Pub representative association ‘Standing up for Pubs and Publicans’, The British Pub Confederation has written to the Rt Hon Alok Sharma MP, Secretary of State at the Department for Business, Energy & Industrial Strategy, with overall responsibility for the Pubs Code, expressing deep concerned at the way the review of the Code seems to be restricted to a list of non-fundamental issues, whilst omitting the fundamental issues – and failings – of the current Pubs Code and its operation.
A full review of the Code was announced early in 2020, with the objective of addressing the recognised failures of the existing Code’s inadequate protection of tied pubs at the hands of the large PubCo’s, several of whom are merely bricks and mortar investors with no underlying interest in the actual hospitality sector and the communities that rely on their local pubs.
Far from consulting with the affected publicans, a Freedom of Information request submitted by Chris Wright of the Pubs Advisory Service (a British Pub Confederation member) under the BEIS Freedom of Information response FOI2020/26885.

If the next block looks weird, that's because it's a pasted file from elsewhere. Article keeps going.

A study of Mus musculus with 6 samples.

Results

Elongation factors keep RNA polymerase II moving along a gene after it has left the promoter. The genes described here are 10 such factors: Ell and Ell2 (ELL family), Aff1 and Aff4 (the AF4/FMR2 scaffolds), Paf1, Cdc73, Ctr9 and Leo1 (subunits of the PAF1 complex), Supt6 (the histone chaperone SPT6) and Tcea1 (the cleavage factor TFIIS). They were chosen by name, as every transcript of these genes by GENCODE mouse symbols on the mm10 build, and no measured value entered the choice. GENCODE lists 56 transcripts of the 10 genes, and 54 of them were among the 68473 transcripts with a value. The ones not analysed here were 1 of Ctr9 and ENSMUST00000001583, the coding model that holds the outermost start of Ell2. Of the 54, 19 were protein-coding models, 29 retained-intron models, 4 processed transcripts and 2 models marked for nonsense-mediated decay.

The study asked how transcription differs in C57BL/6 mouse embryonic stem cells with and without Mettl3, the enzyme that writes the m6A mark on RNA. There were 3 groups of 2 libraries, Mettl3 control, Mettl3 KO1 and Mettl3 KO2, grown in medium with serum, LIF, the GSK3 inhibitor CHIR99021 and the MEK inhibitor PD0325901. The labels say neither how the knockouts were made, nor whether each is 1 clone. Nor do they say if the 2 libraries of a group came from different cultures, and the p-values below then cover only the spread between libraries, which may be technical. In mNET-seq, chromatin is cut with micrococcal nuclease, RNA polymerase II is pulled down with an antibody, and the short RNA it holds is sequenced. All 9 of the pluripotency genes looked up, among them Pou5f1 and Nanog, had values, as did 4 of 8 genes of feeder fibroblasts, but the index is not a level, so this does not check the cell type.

This exposed that in the 90 days between 1 March and 1 June, when the Government was meeting with pub and hospitality groups to discuss the situation facing pubs and hospitality in the Covid crisis.
Tthe Secretary of State and Small Firms Minister Paul Scully met with representatives of regulated pubcos and their trade associations but did not meet with a single representative organisation of tied tenants not funded from or with members including regulated pubcos.
Vice Chair of the British Pub Confederation, Ian Cass said, “The review underway is cited as merely tinkering around the edges of the existing Code and avoiding properly addressing the key issue of building in proper enforcement of the Market Rent Only option for tied tenants. The Small Firms Minister is fundamentally failing the front line publicans, and once again is supporting the PubCo’s”
The Confederation has set out a request in the letter to the Secretary of State to ensure the review now focuses on ten specific areas key to the intent of the Code in protecting the interests of tied tenants. Heading the list is the Market Rent Only option, with additional areas to cover Dilapidations, Independence and Fairness.